2/11/2017, mid-day

 

I sat up straight in my chair, perfect posture. I had been slowly and steadily curing my own scoliosis. I knew it because I could feel it. Everyday I said, “my spine is straight” and God rewarded me by adjusting each vertebrae back into its linear place. I said it all day long, “my spine is straight” over and over and over again. As I drove to my clients’ houses, I changed the song on my playlist from light, airy ambient  with no vocals to dark, brooding male siren without a change in cognition and said out loud, “my spine is straight” with each beat.  I spread vegan tuna salad on crackers in my car, “my spine is straight.” I checked my reflection in a public bathroom, “my spine is straight.”  I would repeat it in my head all day long, even as I updated my clients treatment plans, “my spine is straight, my spine is straightening, my spine is straight, completely straight.” I sat up taller on their couches.

 

Every night I checked in my full length mirror to see that it was in fact, straighter. It leaned to the left a little naturally. Nothing too dramatic. My doctors have never been concerned, but it was incontrovertibly crooked, and now, thanks to my robust self esteem and devout prayer, was incontrovertibly straightening.  It was painless. It was steady, slow but moving.  It was deserved. Soon, I would be taller. My spine would be razor sharp.  I would no longer hunch or shrink as I walked. My spine would be straight. My spine is straightening. My spine is straight

 

 My ankles crossed, straw in hand, I began to give public gratitude. My eyes wandered up and stayed locked on the ceiling. “I just feel like, I don’t know, good. like nothing at all is bothering me. I feel untouched by everything, unbothered. I don’t feel the same drive to have things as I did. I feel, ummmm,” I paused, receiving a message, “like I’m supported by the universe. like,” I paused again, to understand the complete message, smile spreading across my face as I felt another vertebrae snap back into place effortlessly, “like God is really here, you know?”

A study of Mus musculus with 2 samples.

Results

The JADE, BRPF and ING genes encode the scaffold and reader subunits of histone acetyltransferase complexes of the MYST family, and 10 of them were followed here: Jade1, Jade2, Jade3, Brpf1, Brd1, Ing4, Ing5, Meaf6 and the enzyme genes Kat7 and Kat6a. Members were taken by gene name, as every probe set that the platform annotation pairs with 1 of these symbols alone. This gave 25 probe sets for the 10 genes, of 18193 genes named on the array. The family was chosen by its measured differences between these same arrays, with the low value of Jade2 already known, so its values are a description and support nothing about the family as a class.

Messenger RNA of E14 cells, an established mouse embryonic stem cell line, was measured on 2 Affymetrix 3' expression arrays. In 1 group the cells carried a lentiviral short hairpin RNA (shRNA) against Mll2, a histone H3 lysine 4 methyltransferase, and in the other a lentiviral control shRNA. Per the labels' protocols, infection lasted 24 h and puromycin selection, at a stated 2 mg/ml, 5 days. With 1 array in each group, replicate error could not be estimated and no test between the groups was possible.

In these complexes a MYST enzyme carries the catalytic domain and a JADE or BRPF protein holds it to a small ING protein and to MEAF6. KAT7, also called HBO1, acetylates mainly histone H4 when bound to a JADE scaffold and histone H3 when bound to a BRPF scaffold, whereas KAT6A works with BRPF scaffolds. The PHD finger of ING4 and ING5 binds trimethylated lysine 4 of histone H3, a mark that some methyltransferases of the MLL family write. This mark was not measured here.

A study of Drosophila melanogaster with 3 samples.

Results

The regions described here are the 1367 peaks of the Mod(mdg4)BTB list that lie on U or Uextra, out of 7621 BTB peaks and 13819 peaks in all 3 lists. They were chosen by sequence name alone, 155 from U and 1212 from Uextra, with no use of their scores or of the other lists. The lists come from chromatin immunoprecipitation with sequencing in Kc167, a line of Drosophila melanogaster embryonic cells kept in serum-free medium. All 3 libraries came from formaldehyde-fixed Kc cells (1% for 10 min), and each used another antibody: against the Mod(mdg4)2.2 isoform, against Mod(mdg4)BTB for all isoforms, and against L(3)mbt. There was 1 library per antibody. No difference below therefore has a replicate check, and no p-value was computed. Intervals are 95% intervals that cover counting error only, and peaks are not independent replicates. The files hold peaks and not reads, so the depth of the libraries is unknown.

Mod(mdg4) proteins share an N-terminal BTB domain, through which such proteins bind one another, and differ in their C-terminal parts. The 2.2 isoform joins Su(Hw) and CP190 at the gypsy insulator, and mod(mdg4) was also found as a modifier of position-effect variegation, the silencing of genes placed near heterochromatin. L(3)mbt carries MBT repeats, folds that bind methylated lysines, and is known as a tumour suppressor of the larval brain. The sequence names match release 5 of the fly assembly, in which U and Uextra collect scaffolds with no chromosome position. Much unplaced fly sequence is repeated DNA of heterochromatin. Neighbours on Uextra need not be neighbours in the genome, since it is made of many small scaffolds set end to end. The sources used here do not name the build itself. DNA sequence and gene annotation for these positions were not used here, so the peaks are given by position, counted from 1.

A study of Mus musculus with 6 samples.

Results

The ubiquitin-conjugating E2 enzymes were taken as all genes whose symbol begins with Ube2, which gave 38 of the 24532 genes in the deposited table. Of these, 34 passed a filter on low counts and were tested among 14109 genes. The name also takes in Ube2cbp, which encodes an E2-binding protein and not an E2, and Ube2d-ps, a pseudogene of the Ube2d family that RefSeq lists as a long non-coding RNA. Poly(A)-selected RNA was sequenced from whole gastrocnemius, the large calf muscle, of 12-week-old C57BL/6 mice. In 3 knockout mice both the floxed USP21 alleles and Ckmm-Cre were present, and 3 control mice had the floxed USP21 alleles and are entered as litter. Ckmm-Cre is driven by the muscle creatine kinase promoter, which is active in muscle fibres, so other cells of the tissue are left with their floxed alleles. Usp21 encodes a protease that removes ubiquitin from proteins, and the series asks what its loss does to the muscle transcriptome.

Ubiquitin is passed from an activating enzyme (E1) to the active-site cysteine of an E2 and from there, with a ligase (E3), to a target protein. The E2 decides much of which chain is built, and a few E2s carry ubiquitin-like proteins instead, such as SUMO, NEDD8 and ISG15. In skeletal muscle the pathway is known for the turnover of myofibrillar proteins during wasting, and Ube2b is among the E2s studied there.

That was rhetorical but I paused anyway. I didn’t need or care for her input at this point.  I had learned to read my therapist. I knew she wanted to say something. I sat up taller.  I pressed each side of my straw into my index finger and thumb, hard, in an effort to contain myself.

 

“God is really here,” I reiterated abruptly.

 

“Well, that’s good, Sarah. I’m happy,” my therapist smiled. “You have a firm commitment to your spirituality, and you seem to call on God of… “

 

“Yeah, “ I interrupted with elation, receiving another message.

 

“I feel like I was chosen.” I finally made eye contact.